A Ramah Tikvah counselor shares how his summer changed the way that he understands kids with disabilities–and himself

Oz and campers. Courtesy of Oz Isseroff

By Oz Isseroff

The last camper had left camp and a few hours left before staff party. I walk back from the parking lot and try to sum up this last month in my head. I was told it would be a meaningful experience but no one could have really prepared me for this adventure. I try to put things in order, to remember the difficult and joyful moments, to recall smiles on faces and fatigue at the end of the day. It took me over three months to finalize writing my summary. The reason is that as time went by, I realized how much one month with 16 special needs campers had changed my life.

To try to comprehend this month, I would like you to imagine Camp Ramah in the Poconos as a theme park and you, as visitors to the park. Everyone has previous, different experiences based on their character, on the company with which they travel with and on which rides they choose to go on.

My first year coming to this theme park was summer 2000, when I was 5 years old. For 13 summers I kept coming to the same park, with the same friends and enjoyed the same rides. Every year I was exposed to another part of the park which was age depended, until I got permission to walk around freely at all different areas of the park. Every year I tried new things but also went on the same rides I was used to. At the end of each summer, my friends and I always shared same experiences, issues and memories.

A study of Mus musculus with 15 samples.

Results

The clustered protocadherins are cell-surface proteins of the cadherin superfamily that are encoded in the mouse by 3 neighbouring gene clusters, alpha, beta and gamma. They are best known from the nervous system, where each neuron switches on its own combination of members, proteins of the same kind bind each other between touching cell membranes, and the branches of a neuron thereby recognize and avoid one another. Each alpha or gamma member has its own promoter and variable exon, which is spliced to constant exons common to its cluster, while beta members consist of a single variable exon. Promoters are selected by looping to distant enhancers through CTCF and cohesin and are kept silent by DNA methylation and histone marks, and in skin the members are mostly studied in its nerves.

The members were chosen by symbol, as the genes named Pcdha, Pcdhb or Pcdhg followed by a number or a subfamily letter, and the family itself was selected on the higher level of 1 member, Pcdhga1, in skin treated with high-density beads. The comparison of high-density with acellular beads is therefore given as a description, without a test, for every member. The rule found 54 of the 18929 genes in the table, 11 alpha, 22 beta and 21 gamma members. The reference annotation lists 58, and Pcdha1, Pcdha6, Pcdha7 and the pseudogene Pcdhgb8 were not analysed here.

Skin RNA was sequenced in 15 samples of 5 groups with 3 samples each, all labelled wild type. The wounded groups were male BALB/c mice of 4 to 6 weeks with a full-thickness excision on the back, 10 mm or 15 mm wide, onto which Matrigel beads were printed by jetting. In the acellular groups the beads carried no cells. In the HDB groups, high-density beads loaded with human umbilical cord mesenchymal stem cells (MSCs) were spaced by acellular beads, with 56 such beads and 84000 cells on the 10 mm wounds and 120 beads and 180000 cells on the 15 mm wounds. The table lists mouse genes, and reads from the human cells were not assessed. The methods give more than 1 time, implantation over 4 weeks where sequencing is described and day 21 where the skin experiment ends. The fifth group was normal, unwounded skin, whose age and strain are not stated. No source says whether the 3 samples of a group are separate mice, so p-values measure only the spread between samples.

But then summer 2017 arrived. I suddenly discovered another part of the park: it was still the same amusement park but that one part had some slight changes. The scenery, people, food where all very familiar but the rides were a bit slower and sometimes they were more overwhelming. To get there one had to stay away from the main path, the familiar, known one. By staying there one had to give up visiting other very much loved parts. Longtime friends are not present there, the change is a bit intimidating.